The heart is the engine of our life. It is located in the centre of the chest and it is about the size of a fist and has a mass of between 260 grams in females and 350 grams in males. It is divided into two halves by the septum. Each half consists of two chambers, a superior atrium and an inferior ventricle. The atria are the receiving chambers for the blood flowing back into the heart. From the atria the blood flows into the ventricles, which are the pumping stations of our cardiovascular system and whose function it is to supply the vessels (arteries, veins, and capillaries) with blood. Arteries are vessels that carry blood away from the heart, whereas veins carry blood towards the heart. Exchange of oxygen and nutrients to the organs and tissue takes place in the fine capillaries connecting arteries and veins.
The internist/physician is a medical doctor specialized in internal medicine. This area of medicine focuses especially on the heart, the circulatory system, the alimentary organs, the kidneys, the blood and the hematopoietic organs, the vascular system, the metabolism and the hormonal glands, the immune system, infections, poisoning, tumors and other malign diseases of the hematopoietic system.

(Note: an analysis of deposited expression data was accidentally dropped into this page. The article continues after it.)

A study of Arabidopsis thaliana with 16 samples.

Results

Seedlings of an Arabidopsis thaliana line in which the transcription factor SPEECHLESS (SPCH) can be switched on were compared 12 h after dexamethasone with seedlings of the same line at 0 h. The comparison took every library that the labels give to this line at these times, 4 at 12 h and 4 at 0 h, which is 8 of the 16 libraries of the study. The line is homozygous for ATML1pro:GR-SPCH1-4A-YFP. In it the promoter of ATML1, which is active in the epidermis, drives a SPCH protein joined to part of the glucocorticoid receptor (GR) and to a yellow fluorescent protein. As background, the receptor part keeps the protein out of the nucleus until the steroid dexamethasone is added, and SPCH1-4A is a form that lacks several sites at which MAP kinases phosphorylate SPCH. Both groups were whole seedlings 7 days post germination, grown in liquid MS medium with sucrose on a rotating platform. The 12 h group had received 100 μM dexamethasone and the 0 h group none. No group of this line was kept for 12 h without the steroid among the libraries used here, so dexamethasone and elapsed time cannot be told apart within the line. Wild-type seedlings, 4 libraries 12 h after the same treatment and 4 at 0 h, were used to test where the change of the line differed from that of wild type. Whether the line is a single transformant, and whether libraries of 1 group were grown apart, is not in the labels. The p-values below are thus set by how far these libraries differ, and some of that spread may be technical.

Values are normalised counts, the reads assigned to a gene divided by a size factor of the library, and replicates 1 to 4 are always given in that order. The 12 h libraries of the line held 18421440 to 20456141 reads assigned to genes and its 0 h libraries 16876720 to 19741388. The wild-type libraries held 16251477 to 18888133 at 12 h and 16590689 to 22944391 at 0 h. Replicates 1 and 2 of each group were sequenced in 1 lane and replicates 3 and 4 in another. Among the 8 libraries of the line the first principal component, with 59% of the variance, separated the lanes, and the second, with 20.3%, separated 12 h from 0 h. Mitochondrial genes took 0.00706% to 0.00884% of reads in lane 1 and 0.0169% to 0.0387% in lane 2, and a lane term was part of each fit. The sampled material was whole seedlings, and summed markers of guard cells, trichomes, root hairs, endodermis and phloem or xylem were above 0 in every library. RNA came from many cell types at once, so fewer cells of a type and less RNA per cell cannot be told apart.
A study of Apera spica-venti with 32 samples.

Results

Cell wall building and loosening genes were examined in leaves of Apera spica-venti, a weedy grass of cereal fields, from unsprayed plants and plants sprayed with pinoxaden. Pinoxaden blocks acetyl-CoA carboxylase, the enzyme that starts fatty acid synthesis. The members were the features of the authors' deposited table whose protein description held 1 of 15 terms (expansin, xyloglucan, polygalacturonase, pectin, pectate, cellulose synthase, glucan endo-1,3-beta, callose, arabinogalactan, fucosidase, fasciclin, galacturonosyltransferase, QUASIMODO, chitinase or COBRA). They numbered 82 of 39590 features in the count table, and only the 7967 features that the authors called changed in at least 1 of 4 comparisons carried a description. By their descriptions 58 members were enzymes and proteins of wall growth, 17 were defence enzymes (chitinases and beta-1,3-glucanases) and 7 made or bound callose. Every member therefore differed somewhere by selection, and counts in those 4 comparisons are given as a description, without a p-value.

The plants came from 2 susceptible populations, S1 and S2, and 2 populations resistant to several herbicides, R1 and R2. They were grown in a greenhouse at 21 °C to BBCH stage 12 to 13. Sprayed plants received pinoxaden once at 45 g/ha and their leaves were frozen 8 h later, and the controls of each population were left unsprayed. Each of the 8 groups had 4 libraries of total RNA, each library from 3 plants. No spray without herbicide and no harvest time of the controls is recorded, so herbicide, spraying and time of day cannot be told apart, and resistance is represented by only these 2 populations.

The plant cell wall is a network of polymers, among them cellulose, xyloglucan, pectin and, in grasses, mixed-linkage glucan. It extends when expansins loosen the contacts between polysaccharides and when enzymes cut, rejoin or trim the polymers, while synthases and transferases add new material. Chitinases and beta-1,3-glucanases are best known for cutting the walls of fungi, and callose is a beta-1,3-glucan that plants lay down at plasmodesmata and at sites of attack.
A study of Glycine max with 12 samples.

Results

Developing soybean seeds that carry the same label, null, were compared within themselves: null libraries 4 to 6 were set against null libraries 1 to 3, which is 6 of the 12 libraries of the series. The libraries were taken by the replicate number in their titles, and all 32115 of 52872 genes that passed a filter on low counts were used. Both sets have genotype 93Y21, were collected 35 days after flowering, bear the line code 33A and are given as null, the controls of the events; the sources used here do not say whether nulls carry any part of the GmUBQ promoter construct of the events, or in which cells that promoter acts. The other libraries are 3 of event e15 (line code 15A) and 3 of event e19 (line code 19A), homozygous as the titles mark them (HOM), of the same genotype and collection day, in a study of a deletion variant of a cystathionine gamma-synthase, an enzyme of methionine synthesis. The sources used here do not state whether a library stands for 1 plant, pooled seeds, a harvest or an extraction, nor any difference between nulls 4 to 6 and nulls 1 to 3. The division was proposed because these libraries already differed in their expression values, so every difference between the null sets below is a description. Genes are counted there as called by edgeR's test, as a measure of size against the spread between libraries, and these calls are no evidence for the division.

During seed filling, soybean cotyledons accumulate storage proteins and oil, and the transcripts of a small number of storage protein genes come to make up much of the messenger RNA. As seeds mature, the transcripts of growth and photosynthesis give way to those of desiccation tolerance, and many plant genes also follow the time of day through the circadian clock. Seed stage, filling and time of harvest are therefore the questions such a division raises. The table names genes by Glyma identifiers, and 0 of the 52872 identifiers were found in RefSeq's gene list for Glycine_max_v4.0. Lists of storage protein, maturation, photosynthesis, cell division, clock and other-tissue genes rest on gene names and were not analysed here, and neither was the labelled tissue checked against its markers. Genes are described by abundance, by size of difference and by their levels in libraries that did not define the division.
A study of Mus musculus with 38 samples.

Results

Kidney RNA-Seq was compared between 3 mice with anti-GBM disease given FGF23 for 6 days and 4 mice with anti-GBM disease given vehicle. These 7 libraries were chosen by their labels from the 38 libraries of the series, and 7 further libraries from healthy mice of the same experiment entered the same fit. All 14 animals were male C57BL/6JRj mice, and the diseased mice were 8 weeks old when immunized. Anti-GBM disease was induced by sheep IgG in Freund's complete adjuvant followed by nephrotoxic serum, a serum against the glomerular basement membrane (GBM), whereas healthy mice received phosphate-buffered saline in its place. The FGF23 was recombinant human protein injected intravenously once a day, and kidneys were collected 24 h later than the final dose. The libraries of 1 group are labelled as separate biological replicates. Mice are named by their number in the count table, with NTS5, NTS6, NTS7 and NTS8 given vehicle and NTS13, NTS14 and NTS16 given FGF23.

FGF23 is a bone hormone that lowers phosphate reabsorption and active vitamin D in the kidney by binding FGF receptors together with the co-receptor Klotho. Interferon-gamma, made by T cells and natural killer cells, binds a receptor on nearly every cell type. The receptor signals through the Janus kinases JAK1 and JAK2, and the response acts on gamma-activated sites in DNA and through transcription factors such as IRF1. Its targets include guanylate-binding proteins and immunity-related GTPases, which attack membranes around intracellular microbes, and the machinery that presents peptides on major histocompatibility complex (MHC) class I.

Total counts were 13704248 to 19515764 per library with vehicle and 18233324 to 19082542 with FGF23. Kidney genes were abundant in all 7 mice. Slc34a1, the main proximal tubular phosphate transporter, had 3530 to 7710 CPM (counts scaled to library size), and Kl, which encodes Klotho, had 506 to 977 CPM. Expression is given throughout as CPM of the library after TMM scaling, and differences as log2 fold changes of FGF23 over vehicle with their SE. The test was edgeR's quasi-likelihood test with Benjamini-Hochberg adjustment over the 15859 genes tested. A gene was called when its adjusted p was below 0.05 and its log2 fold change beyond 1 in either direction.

The cardiologist is a physician dedicated to the heart and the large blood vessels in the thoracic cavity lungs. Angina pectoris, heart attacks, high blood pressure, shortage of breath, arrhythmia among others are core areas of treatment.
Malnutrition and the lack of physical activity are the causes of excess weight, diabetes, high blood pressure and lipometabolic disorders. These factors combined with the intake of nicotine are the primary health conditions of our society and are thus often responsible for premature death. Among other problems, these conditions damage our blood vessels (arteriosclerosis) and might lead to cardiac arrest or strokes. The more and the longer one exposes oneself to these risk factors, the higher the risk of such medical conditions. In view of this, the number of obese teenager and children with diabetes and high blood pressure is alarming, since they are at risk from a very young age onwards. Later in life, time pressure and work stress contribute their share to the increased risk of heart conditions and often preventive care is just forgotten in the course of dealing with the struggle of survival in our daily life. Almost everybody knows a friend, colleague or relative who died from cardiac arrest or just survived a heart attack. Cardiologists are frequently only consulted when it is too late. A heart attack leaves heavy psychological marks behind, not to mention the physical impairment caused by cardiac insufficiency, cardiac arrhythmia or the side effects of the indispensable treatment with medicines.
It is crucial to intervene by means of preventive care as early as possible and to come up with the adequate strategy aimed at reducing the risk of cardiovascular conditions for any risk patient. The prerequisite for this consists of a careful analysis of the individual’s risk and a thorough cardiologic examination. Following this, the patient should be advised on diet, stop smoking approaches and adequate physical exercise. These will serve as the basis for staying healthy in the long run.